It shouldn’t come as a surprise to anyone that youth spend more time using media than any other activity in their day. And for some reason I had always assumed that kids consume media targeted towards them pretty evenly regardless of their race and ethnicity. This 2011 Northwestern University study did a very succinct job of telling me I was totally wrong.
Turns out minorities consume an average of four and half more hours of media a day than their white counterparts (most of it in television). “Four and half HOURS?!” I thought. I wish I could find time to watch America’s Got Talent let alone an unabridged DVD of Lord of the Rings!
Now, admittedly, this study would require hundreds of pages from many other studies to provide a comprehensive analysis on this sensitive topic. There’s no way I can possibly try to tackle all the reasons why this racial discrepancy exists, but I can offer you the study’s highlights:
•Minority youth consume four and a half more hours of media daily than White youth even after adjustment for socio-economic status
•The smallest discrepancy is for video games, with minority youth only playing half an hour more per day than White youth
•84% of Black youth, 77% of Asian youth, and 64% of White youth have a TV in their bedroom respectively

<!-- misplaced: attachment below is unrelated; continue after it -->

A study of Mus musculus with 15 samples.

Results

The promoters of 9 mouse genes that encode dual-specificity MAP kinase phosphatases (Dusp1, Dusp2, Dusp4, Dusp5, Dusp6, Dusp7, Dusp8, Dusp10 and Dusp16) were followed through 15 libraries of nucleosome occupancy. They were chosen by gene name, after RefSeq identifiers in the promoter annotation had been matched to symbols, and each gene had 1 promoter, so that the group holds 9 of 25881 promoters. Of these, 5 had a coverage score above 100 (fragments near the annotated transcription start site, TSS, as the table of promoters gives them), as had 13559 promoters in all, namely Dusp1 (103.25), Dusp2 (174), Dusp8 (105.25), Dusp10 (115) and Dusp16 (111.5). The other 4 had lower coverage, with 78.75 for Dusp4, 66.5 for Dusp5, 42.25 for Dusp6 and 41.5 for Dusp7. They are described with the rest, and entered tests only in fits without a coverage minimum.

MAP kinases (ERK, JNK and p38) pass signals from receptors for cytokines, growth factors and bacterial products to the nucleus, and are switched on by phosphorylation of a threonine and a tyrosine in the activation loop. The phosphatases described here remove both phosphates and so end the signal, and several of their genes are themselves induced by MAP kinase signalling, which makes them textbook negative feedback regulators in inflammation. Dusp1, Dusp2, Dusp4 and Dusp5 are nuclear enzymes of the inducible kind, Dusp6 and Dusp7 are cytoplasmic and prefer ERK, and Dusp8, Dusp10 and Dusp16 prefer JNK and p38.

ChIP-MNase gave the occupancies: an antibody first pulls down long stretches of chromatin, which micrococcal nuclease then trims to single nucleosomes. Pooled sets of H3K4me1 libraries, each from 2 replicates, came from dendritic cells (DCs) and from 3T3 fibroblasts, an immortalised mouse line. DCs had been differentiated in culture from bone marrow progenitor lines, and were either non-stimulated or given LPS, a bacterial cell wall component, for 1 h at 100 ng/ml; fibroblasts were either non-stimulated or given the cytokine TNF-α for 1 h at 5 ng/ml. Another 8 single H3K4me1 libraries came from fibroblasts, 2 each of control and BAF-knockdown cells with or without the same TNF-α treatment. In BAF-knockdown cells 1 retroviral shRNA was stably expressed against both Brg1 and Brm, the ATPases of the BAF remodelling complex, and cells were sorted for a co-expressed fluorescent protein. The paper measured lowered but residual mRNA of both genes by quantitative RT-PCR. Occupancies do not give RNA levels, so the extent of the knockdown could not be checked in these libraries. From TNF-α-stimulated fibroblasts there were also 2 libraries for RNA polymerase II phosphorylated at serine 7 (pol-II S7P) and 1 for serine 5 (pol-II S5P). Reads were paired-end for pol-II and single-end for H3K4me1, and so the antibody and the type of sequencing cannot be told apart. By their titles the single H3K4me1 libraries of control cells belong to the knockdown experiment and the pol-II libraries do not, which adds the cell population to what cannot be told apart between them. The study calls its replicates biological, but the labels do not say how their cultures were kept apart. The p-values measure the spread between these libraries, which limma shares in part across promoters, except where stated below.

•Reading print is the only medium without statistically significant differences by race
•Asian youth spend nearly three times the amount of time on a computer than White or Black youth at 3hrs per day
•Multitasking media also does not differ significantly based on race
•Despite Black youth watching the most television, Asian youth and Hispanic youth receive the most media exposure per day at 13hrs. White youth are exposed to 8.5hrs daily
“So what?” you might be asking yourself. Well, as media outlets and content continues to grow at an exponential rate towards critical mass, youth eagerly absorb all the information they can. Understanding their habits can yield both an opportunity for positive exposure and an increase in media effectiveness as well as an opportunity to limit the negative effects of too much consumption.
Bottom line? This study gives context to and paints a broader picture of an often hard to motivate demographic.
The full report, agenda, attendees can be downloaded at http://cmhd.northwestern.edu/?page_id=9.